Church looks beyond congregation for help
The United Methodist Church of Bay Shore on Montauk Highway. AT RIGHT: The peeling paint inside the church’s sanctuary.


Church looks beyond congregation for help


BAY SHORE—After two centuries of service, the United Methodist Church on Montauk Highway continues to play a vital role in the community by caring for a diverse population in working-class neighborhoods. Some of its important efforts include a Bay Shore day care and preschool, a community thrift shop open Wednesdays and Sundays, numerous group meetings for Alcoholics Anonymous and Narcotics Anonymous, and a weekly soup kitchen that serves hot meals to anyone in need. But now the church is turning to the Bay Shore community for help, as the building is in dire need of exterior and interior restoration. 

David Timmoney, president of the church’s board of trustees, said a new roof was installed in 2001, but like any house, “the church starts to weather,” especially from storms like Hurricane Sandy in 2012 and Winter Storm Grayson last month. 

Timmoney also explained that membership decreased during the Great Recession. “Many people lost their houses and had to move off Long Island,” he said. “Others had to tighten up their wallets.”

Things started to look up, though, when Rev. Wendy Modeste was named church pastor in 2014. But the church does more than provide religious services. There are four classrooms providing day care to 32 children.

“It’s not a religious organization,” Timmoney said. “It’s affordable day care.”

The United Methodist Church, Bay Shore’s oldest church, was formed in 1810 when the area was called Penataquit. Services back then were held in the home of John Doxee and led by “circuit preachers,” who would travel by horseback to visit various congregations. Nine trustees signed the incorporation papers of the Methodist Episcopal Church of Penataquit on Feb. 13, 1860. They include some of Bay Shore’s oldest names: Nathaniel Clock, Seth Clock, Alanson Seaman, Selah Wicks, Charles Hubbard, Benjamin Doxee, Eliphalet Snedecor, James Thurber and Treadwell Smith.

In the early years, land had been acquired on E. Main Street at 2nd Avenue for a church building, but the Civil War delayed plans to erect a permanent structure. Finally, on Oct. 13, 1867, the cornerstone was laid for Bay Shore’s first church building. Lumber for the gothic-style building sailed to Bay Shore from Portland, Me. The bricks used for the foundation cost less than a penny each. The building was finished after two years of construction, with the final cost being $7,503, according to the Bay Shore-Brightwaters Chamber of Commerce. The church later raised another $21,000 to build a new sanctuary, completed in 1893. These two buildings, along with a Sunday school building that was dedicated in 1960, make up Bay Shore United Methodist Church today.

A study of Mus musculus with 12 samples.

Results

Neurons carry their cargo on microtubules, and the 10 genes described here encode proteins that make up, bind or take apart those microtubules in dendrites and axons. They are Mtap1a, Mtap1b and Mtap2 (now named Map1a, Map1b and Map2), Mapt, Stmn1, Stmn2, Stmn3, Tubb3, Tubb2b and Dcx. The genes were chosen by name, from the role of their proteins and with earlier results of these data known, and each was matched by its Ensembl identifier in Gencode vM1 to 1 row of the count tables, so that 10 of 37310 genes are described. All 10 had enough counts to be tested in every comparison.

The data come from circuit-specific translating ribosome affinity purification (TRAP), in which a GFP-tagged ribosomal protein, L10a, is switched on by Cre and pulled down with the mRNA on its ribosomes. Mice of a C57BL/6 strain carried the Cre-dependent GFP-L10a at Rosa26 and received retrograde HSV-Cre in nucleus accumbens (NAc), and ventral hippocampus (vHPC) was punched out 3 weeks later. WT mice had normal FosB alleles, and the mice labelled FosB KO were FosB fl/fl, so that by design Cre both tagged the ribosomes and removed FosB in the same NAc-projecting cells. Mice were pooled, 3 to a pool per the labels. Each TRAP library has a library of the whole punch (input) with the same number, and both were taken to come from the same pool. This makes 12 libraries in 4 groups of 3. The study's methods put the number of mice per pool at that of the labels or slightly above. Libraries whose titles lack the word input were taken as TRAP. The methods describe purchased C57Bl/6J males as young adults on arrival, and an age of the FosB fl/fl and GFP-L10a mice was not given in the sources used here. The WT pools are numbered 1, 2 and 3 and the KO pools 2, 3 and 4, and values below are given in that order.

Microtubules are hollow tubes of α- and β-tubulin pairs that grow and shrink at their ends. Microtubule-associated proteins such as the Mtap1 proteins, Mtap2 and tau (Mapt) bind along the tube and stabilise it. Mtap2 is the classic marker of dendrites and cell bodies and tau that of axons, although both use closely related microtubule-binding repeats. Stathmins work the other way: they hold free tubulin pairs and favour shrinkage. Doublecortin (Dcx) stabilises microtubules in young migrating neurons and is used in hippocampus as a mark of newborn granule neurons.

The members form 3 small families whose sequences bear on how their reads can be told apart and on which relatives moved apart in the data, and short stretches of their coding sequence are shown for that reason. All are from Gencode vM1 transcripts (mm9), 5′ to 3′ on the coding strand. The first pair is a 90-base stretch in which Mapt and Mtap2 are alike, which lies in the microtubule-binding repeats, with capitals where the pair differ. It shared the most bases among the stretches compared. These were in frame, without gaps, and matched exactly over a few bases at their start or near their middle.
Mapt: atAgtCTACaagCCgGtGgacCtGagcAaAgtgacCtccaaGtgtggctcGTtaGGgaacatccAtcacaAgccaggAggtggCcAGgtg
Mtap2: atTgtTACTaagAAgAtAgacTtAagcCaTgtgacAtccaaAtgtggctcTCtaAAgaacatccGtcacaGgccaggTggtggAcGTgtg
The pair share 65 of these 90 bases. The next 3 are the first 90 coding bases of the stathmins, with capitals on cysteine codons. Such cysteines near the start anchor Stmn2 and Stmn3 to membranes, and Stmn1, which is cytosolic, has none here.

“The United Methodist Church building on East Main Street in Bay Shore has been on the National Register of Historic Places since 2001,” said Barry Dlouhy, president of the Bay Shore Historical Society. “More importantly, it represents part of Bay Shore’s spiritual community. The members of the Bay Shore Historical Society hope that members of the UMC congregation succeed in their efforts to restore the building to its towering beauty.”

Church records bear witness to decades of service. Vacation bible school classes in the early 1900s were racially integrated long before the Supreme Court mandated desegregation. The milk committee distributed nourishments to the needy during the Great Depression, and the church bells were rung to signal air raid drills during the height of World War II. The sanctuary also hosted a 25-hour prayer vigil for peace amid the Cuban Missile Crisis in 1962.

Donna Periconi, president of the Bay Shore-Brightwaters Chamber of Commerce, has reached out to the community for help. “We’ve been getting checks weekly,” Rev. Modeste said. 

Pastor Thomas Coogan, of St. Patrick’s R.C. Church on Clinton Avenue in Bay Shore, has also been very helpful by reaching out to his congregation and board of trustees for financial aid. 

Timmoney said one of the church’s biggest goals right now is painting. “We’ve painted over the years, but, in time, the paint begins to chip,” he said. “We’re hoping to paint again sometime in the spring.”

Head Start also donated a $63,000 outdoor classroom in December of last year.

The church recently applied for a $100,000 New York Annual Conference grant. There will also be an open house at the church on Sunday, Feb. 5 from 2 until 4 p.m. The first hour will be self-guided, while the second half will be a town hall-style meeting with a PowerPoint presentation. 

Checks can be made out to Bay Shore United Methodist Church and mailed to 107 E. Main Street, Bay Shore, c/o Rev. Wendy Modeste, or the Bay Shore-Brightwaters Chamber of Commerce, P.O. Box 5110, Bay Shore, NY, 11706.